The early list for post-season awards is up and, as usual, some races are fairly easy to predict (barring anything crazy happening from now until the end of the season, I'd be surprised if either Rookie of the Year vote is even close). Some aren't so easy. But the early list of MVP candidates in the NL raises an important question: Can someone win an MVP award without hitting a single home run all season?
Let's examine the case of Austin's 26-year-old SS William Satou. By some measures, he seems to be a curious choice for MVP. He hasn't hit a single home run all season. He's driven in 34 runs. He's hitting a pretty good but not overwhelming .297. His OPS (on-base + slugging) is an underwhelming .709 (by comparison, the average OPS of the other 4 guys on the list is .913).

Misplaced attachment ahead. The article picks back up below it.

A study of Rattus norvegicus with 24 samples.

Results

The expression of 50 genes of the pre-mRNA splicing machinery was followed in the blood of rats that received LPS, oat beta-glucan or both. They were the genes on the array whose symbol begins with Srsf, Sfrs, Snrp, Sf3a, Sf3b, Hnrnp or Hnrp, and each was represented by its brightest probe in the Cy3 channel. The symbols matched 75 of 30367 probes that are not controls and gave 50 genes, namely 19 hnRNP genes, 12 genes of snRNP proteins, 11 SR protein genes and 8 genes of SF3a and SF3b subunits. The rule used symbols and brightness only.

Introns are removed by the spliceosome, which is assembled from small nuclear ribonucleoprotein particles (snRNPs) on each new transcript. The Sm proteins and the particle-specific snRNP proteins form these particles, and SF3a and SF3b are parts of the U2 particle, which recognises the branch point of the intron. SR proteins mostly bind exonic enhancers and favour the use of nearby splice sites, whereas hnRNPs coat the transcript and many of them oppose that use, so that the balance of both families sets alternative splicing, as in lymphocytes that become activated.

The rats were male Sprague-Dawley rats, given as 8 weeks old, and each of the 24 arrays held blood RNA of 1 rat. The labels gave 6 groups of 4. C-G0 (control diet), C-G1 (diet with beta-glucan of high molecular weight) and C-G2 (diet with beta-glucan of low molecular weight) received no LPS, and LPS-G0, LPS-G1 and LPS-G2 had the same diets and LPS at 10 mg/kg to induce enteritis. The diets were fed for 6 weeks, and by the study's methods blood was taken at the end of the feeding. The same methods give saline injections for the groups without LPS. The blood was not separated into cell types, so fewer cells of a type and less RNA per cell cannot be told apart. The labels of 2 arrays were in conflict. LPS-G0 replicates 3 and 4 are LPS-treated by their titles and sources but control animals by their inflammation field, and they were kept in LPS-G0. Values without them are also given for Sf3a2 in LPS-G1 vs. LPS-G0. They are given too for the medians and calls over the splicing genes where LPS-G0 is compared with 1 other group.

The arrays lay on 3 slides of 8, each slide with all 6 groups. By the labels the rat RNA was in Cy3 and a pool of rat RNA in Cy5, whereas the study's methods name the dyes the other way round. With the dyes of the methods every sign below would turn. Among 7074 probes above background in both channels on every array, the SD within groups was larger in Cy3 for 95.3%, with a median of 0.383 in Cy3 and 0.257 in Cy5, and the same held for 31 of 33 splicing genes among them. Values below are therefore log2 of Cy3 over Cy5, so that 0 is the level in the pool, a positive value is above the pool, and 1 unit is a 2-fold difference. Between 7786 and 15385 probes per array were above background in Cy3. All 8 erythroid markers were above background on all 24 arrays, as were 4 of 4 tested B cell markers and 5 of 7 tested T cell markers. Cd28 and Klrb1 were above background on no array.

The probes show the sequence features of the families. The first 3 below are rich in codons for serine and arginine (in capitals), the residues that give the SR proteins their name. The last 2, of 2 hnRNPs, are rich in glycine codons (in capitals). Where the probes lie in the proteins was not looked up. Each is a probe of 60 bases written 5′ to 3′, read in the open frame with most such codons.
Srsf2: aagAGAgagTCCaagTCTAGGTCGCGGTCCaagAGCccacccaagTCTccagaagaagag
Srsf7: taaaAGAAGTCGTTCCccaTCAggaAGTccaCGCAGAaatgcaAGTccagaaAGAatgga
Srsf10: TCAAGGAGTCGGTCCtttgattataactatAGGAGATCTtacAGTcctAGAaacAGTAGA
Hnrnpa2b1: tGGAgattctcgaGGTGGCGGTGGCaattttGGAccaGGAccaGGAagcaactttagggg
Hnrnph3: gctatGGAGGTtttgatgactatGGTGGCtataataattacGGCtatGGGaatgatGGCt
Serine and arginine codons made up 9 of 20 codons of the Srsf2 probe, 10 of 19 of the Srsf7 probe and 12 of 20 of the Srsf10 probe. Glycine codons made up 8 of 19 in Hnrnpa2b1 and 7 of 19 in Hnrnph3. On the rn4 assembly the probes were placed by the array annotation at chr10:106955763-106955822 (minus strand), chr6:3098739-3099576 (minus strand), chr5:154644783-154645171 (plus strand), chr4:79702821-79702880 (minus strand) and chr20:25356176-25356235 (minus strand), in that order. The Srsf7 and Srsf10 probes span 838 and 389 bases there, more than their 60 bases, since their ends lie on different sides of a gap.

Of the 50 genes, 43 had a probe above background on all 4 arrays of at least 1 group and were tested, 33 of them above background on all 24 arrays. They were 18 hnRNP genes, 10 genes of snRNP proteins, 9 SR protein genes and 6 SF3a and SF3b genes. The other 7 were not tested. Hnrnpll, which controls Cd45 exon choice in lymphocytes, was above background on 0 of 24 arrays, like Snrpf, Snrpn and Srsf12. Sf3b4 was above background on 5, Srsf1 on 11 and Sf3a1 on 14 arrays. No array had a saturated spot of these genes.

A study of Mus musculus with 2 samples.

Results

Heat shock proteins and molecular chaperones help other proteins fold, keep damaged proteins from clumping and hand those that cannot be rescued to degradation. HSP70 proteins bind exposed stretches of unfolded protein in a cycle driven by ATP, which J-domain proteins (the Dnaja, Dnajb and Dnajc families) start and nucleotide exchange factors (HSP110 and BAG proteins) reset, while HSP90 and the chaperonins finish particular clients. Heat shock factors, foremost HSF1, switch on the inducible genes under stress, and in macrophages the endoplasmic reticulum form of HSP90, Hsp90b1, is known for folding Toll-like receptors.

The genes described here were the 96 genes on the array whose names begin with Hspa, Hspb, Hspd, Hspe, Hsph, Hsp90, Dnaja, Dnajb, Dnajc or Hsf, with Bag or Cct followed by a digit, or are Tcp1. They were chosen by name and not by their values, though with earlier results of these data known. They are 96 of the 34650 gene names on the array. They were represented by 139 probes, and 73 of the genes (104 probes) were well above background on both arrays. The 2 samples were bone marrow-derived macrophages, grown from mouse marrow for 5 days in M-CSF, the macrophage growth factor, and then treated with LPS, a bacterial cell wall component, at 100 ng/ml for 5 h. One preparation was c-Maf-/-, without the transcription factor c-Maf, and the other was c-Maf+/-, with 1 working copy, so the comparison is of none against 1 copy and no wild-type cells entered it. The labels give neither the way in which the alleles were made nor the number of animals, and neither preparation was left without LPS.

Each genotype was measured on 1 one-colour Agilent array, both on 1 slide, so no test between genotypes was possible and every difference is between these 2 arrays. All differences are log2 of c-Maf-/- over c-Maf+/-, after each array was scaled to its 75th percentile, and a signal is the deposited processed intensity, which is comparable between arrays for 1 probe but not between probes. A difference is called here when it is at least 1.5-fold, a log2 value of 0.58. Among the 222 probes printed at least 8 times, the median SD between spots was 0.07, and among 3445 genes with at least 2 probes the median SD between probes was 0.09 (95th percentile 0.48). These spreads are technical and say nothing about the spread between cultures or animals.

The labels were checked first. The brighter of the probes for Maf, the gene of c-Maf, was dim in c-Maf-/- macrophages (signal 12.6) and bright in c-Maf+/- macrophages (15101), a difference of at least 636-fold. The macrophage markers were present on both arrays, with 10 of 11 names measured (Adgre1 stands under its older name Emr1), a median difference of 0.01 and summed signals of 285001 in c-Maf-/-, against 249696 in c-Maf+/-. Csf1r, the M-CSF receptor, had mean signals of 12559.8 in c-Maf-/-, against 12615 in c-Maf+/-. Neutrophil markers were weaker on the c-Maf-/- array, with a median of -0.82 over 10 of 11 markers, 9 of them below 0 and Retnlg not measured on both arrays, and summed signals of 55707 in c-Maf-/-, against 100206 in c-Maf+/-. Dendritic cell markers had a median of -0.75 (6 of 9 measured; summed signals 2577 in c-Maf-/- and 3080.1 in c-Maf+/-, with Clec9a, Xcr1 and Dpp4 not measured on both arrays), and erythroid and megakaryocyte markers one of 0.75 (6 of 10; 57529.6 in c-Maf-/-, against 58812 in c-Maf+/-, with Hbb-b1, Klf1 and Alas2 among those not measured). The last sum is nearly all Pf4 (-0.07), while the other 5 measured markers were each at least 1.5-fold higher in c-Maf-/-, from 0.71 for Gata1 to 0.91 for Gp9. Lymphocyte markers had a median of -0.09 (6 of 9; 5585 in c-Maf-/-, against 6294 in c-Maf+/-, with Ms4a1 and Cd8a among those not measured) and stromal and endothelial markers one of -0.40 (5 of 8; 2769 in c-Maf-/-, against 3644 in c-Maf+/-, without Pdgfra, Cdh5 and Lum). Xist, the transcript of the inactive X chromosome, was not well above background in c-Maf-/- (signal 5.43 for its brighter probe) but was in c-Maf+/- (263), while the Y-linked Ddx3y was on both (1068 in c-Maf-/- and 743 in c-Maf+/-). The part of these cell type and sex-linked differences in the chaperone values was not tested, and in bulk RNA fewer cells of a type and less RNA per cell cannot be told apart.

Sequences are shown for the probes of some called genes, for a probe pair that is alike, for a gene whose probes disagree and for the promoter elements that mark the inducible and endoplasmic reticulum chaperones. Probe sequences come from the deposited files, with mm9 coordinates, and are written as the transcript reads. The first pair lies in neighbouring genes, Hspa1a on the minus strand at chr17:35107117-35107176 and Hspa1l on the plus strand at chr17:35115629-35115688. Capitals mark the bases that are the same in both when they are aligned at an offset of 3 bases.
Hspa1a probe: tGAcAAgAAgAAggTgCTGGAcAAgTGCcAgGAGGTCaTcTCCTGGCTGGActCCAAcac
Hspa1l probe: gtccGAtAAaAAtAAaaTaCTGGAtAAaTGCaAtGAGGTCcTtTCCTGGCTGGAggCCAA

But Satou is a viable candidate for other things that he does. He leads the NL in runs (110- only George Lowe at 108 is within 15 runs of that). He's tied for third in triples (8). But his claim to fame is the stolen base- I'm not sure if it's more amazing that he's stolen 124 in 126 games (needing only 11 steals in the last 36 games to break the record), or that he's only been caught once all season. Unlike the other candidates, he plays a pretty good shortstop. And he's done all this for a team that only now, in the midst of his best season, among the NL's elite.
So there are several questions here. Can a player who doesn't hit a home run all season win an MVP award? I would say yes, it's possible. Is Satou that guy? I think he would have to raise his OBP and cut down on his strikeouts a little, but he's close. He'll be up against stiff competition; I know he's not on the list yet, but I'd be surprised if Salt Lake City's Ruben Hernandez doesn't end up in the top 5 and Trenton's Calvin Chang is having a fine all-around season. Would he be in my top 5 this season? I'd say so. We'll just have to wait for the end of the season to find out how this plays out.